SDG 14: LIFE BELOW THE WATER
The United Nations has chosen 17 sustainable development goals to transform our world by 2030; these include ending poverty to protecting oceans and rainforests. The reason for such goals is perfectly stated by United Nations Secretary-General Ban Ki-moon with his statement: "there can be no Plan B, because there is no Planet B," so sustainability is not just an aim but a need for our future.
Goal 14 is “Life Below Water,” means the conservation and sustainable use of the oceans, seas and marine resources for sustainable development.
The goal fits perfectly with the Seychelles’ ideals and beliefs. Our country is made of 99.9% of ocean, which is filled with healthy underwater ecosystems that we benefit from, as seen in our main economic activities of fishing, tourism and shipping. Goal 14 is seen in all aspects of Seychelles society: economically, legally and socially.
For example, Seychelles’ current Blue Economy plan for the future embodies such a goal, as it aims to “utilise oceanic resources and coastal areas to create economic growth, whilst reducing environmental risks and ecological scarcities.” Though the economic plan is still at the beginning stage, business activities in line with the plan have increased. Aquaculture is being promoted and planned, and near the implementation stage, as we speak. Eco-friendly businesses such as plastic recycling are on the rise, which reduces marine litter in the long term.
Legally, Seychelles has gone through efforts to protect marine life. For example, it has six national marine parks: Baie Ternay, Curieuse, Ile Coco, Port Launay, Silhouette Island and Sainte Anne Island. However, this is only 1% of Seychelles’ 1.3 million square km EEZ whilst more than 50% terrestrial territory is protected nature reserves, but the government is aiming to increase the percentage of protected marine areas. Furthermore, there are laws in place to protect marine life as well for example, sea turtle and whale sharks, are protected animals in Seychelles territory and it is against the law to injure them.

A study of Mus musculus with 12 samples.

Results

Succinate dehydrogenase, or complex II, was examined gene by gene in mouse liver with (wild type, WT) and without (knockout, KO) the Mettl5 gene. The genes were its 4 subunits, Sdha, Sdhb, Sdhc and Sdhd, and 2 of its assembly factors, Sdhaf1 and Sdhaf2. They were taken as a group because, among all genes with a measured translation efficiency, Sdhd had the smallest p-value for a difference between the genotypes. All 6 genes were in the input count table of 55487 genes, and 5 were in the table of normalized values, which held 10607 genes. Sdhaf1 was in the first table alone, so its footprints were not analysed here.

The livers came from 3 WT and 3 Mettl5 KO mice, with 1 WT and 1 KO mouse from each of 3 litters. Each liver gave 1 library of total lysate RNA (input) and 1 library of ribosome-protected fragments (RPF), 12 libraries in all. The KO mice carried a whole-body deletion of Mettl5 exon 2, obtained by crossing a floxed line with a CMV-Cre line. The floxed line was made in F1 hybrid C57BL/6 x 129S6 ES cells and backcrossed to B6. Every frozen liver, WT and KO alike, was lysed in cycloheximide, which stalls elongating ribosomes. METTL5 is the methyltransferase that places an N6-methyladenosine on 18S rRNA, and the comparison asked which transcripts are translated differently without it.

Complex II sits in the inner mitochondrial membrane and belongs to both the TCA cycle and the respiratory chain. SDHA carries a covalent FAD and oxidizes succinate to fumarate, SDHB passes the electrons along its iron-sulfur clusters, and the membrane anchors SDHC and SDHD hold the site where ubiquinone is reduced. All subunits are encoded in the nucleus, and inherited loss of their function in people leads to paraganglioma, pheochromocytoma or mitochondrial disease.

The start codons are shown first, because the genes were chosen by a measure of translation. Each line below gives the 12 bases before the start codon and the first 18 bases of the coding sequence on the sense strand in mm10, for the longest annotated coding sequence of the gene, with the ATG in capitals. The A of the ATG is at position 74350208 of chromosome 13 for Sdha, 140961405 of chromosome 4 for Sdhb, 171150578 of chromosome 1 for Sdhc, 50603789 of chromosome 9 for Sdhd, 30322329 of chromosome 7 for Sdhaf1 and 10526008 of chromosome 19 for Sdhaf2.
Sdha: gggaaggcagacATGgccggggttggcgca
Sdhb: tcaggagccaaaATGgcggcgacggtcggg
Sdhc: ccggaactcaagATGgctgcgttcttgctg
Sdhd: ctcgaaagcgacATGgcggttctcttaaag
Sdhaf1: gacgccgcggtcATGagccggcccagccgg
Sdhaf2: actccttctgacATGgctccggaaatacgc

Moreover, the majority of Seychelles population is environmentally-conscious, which I am fortunate to be part of. From children to adults, there is an unspoken rule of caring for the marine wildlife. Tourists who hope to bring back a live souvenir from their snorkels will be met with kind but firm warnings from the locals. There are frequent education programmes to teach the young generation the need for sustainable use of oceanic resources and protection of marine life, for example the ‘Academy by the Sea’ program by Save Our Seas Foundation. It is almost a rarity for a school to NOT have some sort of environment club. There are frequent events throughout the year in Seychelles that highlights the importance of the ocean like the Seychelles Ocean Festival. However, there is always room for improvement: reducing plastic use to reduce the amount that ends in the oceans – and ultimately in the fish that we consume every day, spreading awareness of the need for marine conservation to others … I will leave that up to you readers to discover and improve.